Monday, 26 January 2009

RI told to use own budget for climate

Thursday, January 29, 2009

RI told to use own budget for climate

Adianto P. Simamora , The Jakarta Post , Jakarta | Wed, 01/28/2009 3:23 PM | National

Indonesia should review its strategies for financing programs to combat climate change and stop relying on foreign aid, with developed nations cutting their funding for global warming initiatives, experts warned Tuesday.

Mahendra Siregar from the Adaptation Fund Board at the United Nations Framework Climate Change Convention (UNFCCC) said Indonesia should now focus on mobilizing its own resources to address climate change, rather than depending heavily on foreign assistance.

"The idea that Indonesia will finance its climate change programs on foreign money generated from the signing of the Kyoto protocol is a fantasy. No amount of foreign funding would be enough to deal with Indonesia's climate problems," he told a discussion on climate change financing schemes.

The National Council for Climate Change is drafting financial strategies for the country's various environmental programs, with a heavy dependency on income streams from overseas markets.

Agus P. Sari, currently Indonesia's national director for carbon trading broker Eco Securities, has been named as the leading analyst who will spend 8 months with the council formulating a National Economic, Environmental and Development Study (NEEDS). Mahendra said the funding promised by developed nations under the Kyoto protocol was insufficient to finance the climate-change projects in Indonesia.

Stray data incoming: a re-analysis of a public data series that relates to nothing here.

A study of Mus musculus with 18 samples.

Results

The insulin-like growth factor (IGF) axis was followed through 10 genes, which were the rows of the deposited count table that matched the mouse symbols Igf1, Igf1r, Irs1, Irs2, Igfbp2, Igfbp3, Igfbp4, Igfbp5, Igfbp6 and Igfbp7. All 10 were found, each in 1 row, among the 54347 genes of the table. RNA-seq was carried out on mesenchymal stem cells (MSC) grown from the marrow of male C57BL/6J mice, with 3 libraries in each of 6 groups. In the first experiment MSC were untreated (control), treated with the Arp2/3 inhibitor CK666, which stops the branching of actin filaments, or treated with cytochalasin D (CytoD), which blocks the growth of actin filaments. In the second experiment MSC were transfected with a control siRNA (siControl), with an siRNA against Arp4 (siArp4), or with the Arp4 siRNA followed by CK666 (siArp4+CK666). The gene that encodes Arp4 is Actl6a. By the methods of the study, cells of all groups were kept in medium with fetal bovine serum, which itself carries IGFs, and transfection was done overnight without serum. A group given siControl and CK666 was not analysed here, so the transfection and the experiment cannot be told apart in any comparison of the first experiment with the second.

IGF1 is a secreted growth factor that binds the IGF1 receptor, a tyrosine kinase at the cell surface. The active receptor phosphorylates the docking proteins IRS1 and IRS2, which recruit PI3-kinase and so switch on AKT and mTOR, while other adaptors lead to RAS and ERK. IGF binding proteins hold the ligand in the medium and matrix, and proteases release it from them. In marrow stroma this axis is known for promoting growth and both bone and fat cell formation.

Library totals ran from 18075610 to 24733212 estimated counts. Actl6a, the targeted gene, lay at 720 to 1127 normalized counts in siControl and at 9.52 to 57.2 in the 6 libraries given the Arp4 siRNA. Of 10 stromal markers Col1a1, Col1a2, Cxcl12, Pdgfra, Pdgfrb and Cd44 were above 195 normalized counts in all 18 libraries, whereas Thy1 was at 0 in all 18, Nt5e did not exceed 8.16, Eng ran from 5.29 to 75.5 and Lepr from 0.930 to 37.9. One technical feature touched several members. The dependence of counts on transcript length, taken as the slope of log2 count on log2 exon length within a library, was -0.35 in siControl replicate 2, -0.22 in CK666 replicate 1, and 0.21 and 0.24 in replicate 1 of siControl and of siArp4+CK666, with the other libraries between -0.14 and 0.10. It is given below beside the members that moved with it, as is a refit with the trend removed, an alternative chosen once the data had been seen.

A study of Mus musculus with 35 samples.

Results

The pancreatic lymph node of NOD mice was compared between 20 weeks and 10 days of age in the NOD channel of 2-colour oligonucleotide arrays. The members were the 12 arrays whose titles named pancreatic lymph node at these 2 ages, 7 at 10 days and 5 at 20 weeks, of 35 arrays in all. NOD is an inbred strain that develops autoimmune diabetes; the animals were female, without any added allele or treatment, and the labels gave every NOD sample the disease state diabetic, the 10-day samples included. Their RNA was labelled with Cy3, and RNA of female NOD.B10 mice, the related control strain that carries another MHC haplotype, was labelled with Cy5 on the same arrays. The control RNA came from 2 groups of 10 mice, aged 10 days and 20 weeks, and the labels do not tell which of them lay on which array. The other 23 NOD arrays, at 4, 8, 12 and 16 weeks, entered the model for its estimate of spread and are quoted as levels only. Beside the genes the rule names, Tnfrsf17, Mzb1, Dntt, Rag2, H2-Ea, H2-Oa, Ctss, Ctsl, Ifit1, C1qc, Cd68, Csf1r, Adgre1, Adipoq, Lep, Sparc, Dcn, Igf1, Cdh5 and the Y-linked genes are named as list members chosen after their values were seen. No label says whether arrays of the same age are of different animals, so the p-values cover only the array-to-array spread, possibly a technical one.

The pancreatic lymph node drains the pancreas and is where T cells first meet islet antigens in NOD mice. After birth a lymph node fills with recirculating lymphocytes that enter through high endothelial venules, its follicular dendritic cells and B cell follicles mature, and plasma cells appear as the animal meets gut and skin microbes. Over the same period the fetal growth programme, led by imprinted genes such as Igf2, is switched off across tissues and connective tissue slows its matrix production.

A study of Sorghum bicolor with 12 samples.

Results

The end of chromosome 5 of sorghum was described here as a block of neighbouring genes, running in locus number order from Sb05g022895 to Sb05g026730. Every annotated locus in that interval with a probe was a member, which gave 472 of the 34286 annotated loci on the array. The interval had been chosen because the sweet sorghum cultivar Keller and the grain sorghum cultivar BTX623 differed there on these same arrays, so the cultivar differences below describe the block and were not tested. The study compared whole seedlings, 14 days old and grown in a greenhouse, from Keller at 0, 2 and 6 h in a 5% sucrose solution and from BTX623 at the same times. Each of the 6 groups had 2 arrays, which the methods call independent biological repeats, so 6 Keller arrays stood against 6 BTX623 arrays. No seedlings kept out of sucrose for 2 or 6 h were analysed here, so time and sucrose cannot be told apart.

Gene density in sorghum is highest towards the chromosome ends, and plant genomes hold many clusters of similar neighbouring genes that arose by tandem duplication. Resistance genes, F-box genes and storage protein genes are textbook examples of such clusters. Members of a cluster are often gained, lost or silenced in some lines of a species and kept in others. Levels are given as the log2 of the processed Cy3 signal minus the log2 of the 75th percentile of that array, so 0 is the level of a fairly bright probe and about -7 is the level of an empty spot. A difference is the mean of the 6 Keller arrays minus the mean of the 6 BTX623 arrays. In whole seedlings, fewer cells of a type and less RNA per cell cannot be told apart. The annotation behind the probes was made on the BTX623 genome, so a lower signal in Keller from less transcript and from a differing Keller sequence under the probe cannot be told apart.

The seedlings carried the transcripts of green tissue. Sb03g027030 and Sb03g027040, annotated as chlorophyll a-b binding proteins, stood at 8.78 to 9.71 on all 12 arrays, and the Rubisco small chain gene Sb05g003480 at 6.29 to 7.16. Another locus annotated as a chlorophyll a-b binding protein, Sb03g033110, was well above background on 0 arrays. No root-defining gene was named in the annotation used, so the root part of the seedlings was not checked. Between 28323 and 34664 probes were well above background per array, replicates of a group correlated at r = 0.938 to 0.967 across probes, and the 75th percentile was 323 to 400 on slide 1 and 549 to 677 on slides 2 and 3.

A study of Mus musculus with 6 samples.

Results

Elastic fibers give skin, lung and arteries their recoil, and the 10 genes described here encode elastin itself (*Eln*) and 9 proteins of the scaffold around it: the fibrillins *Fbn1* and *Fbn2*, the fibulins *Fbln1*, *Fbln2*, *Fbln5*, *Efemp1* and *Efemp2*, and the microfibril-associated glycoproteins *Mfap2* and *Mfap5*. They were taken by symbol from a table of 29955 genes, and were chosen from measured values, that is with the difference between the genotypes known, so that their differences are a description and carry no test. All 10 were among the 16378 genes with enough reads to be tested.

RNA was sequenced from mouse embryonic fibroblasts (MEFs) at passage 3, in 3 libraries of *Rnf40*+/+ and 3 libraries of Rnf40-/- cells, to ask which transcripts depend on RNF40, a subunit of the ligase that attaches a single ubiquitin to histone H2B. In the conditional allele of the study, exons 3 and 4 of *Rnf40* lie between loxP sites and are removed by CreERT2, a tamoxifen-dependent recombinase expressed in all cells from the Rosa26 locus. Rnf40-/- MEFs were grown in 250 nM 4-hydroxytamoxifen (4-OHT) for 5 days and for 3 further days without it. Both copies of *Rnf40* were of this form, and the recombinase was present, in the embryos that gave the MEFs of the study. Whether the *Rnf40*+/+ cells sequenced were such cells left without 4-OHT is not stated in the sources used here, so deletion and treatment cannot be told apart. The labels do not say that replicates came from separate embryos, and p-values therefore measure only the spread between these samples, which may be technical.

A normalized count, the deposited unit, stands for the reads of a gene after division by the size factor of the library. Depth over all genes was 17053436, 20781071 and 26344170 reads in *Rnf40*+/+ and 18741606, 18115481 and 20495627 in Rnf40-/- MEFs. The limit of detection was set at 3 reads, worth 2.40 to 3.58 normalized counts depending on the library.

"To make matters worse, the price of carbon is currently declining sharply, from 23 euros per ton of carbon dioxide (CO2) to only 14 euros per ton," he said.

Mahendra, also the deputy for international economic cooperation at the Coordinating Ministry for the Economy, said the drop in carbon prices was linked with declining global oil prices and a consumer shift to eco-friendly fuels, including gas.

"More companies in developed nations have also cut their operational costs, causing an increase in demand for certificates of emission reduction (CER)," he said. One CER is awarded for every ton of emissions reduced.

Mahendra said the Adaption Fund Board, set up during the Bali climate change conference, would only raise around US$150 million this year, while Indonesia's budget requirement for the year is Rp 1.8 trillion.

The $150 million in funding would be distributed to developing nations, including Indonesia, which require assistance in combating climate change.

Ismid Hadad, who chairs the council's financing work group said the government budget for climate change was limited. "We should seek alternative sources of funding, including from (carbon) markets and the public," he said.